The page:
Sometimes, I just want to sit down and knit a regular old sock – no fuss, frills, embellishments, textures, lace, cabling, bells, whistles, accoutrement, etc.,. I just want miles of stockinette from the cuffs to the toes so my brain can take off on pleasant adventures (of course more often than not, my brain eschews pleasantries to instead tunnel down to the pits of anxiety hell where it can call forth nightmarish scenarios involving undiagnosed illnesses that will lead to my untimely death).
But! Most of the time, when my sock needles are free, I want a challenge! I want to learn and grow as a knitter! I want to create something new and different for my feet, and I want to occupy my mind with something that requires most of its attention.
I still want an enjoyable knit, though. Engaging it must be, but fussy and difficult to keep track of, it must not be. Enter Estonian Inlay Knitting, called Roosimine (the finished product is called Roositud). Not only is it a delight to knit, but its also quite easy (at least one-color Roosimine – I haven’t attempted multi-color Roosimine yet, but will report back once I do!). It’s just engaging enough to keep your work interesting, but not so challenging as to result in listless abandonment of WIPs. And it’s pure magic watching a lovely design materialize right in front of your eyes just by stranding some yarn across the front of your work.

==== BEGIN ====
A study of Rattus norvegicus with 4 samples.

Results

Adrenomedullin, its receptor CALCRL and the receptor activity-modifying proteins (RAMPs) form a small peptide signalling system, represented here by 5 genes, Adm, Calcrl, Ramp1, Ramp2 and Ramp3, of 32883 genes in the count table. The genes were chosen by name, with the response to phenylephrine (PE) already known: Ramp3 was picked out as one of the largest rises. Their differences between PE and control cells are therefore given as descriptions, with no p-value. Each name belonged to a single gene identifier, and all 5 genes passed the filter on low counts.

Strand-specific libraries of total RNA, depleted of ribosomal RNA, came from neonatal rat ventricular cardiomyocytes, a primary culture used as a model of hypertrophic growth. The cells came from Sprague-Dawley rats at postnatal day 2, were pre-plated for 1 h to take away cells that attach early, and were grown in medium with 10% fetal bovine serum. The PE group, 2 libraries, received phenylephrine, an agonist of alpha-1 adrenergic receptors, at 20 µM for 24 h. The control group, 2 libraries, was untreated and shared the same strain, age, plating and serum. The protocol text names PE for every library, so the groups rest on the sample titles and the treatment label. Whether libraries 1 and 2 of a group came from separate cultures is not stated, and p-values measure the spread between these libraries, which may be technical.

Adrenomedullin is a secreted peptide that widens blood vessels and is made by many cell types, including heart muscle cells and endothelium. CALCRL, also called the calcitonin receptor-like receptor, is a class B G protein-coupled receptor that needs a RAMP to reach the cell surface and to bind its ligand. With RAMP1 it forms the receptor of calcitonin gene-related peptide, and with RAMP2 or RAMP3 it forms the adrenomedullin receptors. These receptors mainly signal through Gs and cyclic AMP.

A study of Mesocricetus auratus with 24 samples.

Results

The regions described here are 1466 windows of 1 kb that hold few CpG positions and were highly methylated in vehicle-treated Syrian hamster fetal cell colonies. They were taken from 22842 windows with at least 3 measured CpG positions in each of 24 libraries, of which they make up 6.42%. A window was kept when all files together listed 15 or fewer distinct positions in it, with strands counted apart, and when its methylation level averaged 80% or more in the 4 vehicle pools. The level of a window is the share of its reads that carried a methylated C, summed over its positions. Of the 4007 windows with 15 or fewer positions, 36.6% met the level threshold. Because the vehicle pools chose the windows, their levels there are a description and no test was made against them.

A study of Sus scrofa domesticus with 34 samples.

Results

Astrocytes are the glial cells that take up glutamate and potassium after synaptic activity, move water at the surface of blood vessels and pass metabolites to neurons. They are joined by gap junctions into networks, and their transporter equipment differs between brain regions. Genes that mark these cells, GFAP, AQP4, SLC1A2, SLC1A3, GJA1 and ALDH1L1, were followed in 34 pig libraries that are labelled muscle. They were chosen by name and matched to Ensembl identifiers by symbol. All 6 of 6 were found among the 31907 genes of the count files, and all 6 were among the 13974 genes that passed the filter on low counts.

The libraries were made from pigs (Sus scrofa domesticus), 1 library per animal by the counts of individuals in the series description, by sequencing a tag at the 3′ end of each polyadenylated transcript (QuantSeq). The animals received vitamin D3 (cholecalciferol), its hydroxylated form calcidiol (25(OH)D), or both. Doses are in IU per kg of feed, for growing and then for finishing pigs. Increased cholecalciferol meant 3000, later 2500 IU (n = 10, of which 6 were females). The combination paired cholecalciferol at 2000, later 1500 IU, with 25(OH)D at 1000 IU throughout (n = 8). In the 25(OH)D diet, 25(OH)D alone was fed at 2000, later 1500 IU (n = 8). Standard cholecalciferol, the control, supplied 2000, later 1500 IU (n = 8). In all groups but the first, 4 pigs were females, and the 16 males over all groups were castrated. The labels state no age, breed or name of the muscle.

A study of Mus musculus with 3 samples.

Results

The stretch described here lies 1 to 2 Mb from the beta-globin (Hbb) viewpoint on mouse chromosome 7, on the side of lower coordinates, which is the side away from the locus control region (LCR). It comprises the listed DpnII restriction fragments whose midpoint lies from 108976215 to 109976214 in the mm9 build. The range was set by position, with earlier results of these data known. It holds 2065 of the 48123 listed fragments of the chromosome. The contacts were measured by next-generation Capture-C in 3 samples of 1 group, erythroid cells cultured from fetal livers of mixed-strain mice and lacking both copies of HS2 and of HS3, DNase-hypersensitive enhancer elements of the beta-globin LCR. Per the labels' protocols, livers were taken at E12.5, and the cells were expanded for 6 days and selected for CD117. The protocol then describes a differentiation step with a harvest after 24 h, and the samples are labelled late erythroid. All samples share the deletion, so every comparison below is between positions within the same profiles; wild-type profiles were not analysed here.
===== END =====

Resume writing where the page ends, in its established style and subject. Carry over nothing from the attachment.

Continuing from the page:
The Amberwing Socks pattern (which you can grab on Ravelry HERE, and on Etsy HERE) is the result of my experiments with simple Roosimine knitting. The pattern includes plenty of tutorials to walk you through it (plus links to video tutorials so you can actually watch me demonstrating the techniques).
If you are familiar with fair isle and colorwork knitting, Roosimine will be quite easy. The charts are almost identical. Below you’ll see a standard fair isle chart on the left, and a Roosimine chart on the right. Notice the Roosimine chart has bars of color, rather than individual little boxes of color. That’s because you are literally creating “bars” on your work with strands of yarn!
To learn more about Estonia’s rich knitting heritage, here’s a fantastic article!